In April of 2016, we began promoting a CAPA – a Companion Animal Protection Act – which we later called the Huntsville Animal Protection Act. The HAPA is a local ordinance to codify standards for Huntsville Animal Services related to the manner in which animals are housed, provision of veterinary care to those animals, steps taken to return animals to their families or place them into foster homes or adoptive homes, steps that must be taken before any animal is euthanized and transparent reporting regarding the animal shelter operation.
We promoted the HAPA in earnest during 2018 in meetings with city council members and candidates for city council. Because work was already taking place to revise the entire animal code for the city, the city chose to not implement the HAPA and to instead incorporate much of the spirit of the HAPA into the revisions to the chapter of the Huntsville City Code regarding animals - Chapter 5. This was not the outcome we had hoped for, but it was the outcome chosen by the city. We had to accept the city’s decision and celebrate the changes to the City Code which included portions of the HAPA we sought at that time.
The HAPA is about setting standards for the shelter operation and maintaining legacy to ensure that the shelter does not go back to the old ways of functioning no matter who leads the city or who runs the shelter. Some see this ordinance as not being necessary and being a matter of management for a city department. We do not agree. The Huntsville Police Department sought and obtained CALEA accreditation to separate itself from other police departments nationally. Through accreditation by the The Commission on Accreditation for Law Enforcement Agencies, the police department had to meet very strict operational standards. There is no similar accreditation organization for animal shelters. By enacting the HAPA, the city would be holding itself to a higher standard without the necessity of a group like ours pushing the the city to do better. Our advocacy should never have been needed at all and we welcome a time when city officials say, "we've got this. We don't need you to push us more."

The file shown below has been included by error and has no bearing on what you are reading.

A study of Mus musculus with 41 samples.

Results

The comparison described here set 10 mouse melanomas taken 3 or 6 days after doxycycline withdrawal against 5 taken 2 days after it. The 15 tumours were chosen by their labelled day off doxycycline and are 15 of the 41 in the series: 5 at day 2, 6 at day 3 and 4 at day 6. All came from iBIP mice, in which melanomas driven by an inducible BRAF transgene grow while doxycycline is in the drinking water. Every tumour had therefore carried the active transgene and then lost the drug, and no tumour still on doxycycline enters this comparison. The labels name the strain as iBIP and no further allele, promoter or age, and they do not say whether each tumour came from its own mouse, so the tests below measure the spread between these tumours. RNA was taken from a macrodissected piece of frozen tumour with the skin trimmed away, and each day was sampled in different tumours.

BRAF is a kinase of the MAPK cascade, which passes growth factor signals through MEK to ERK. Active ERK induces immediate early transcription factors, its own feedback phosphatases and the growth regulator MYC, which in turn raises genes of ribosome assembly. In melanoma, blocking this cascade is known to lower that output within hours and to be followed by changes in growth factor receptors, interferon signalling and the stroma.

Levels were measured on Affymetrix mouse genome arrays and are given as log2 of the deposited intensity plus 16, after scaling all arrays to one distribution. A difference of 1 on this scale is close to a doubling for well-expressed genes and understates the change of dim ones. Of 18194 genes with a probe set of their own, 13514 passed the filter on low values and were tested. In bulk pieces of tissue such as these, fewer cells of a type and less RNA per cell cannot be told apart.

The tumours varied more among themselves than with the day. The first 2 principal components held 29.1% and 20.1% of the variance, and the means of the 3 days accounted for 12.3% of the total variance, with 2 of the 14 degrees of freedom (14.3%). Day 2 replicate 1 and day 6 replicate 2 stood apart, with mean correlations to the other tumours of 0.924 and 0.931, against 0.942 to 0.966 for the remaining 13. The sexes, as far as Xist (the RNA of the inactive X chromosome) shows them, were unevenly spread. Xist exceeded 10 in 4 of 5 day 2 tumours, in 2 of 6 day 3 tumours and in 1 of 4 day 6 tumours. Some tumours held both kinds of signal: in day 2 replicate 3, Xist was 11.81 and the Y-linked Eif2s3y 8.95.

The HAPA is also an effort to prevent the city from regressing to the former manner in which the shelter was operated. The live release rate at the shelter in 2022 was the lowest it has been since 2014. We do not want the city to regress further. The HAPA would be an effort to hold the line relate to further backsliding; most of the current language relates to euthanasia and when that may happen. We have seen drastic changes embraced in other cities across the country, only to have those changes discarded or dismissed upon election of new city officials or the hiring of a new shelter director. We do not want that for Huntsville. Too much time and effort has expended to change the culture at the shelter to have the operation reflect the expectations of the public. We should never return to a time when the shelter was what is called a "catch and kill" operation. Huntsville deserves better.
We have now reached a time more than a decade into our advocacy to focus on the HAPA again. The new version of the HAPA includes the provisions not adopted by the City in 2018 and some new provisions based on changes in shelter operations nationally. We began promoting the new HAPA in October in meetings with members of the Huntsville City Council. Our hope is that people who live in Huntsville or Madison County (not including the City of Madison) or work in those areas will read the new version of the HAPA and express their support with members of the City Council. If you have questions about the HAPA, please contact us.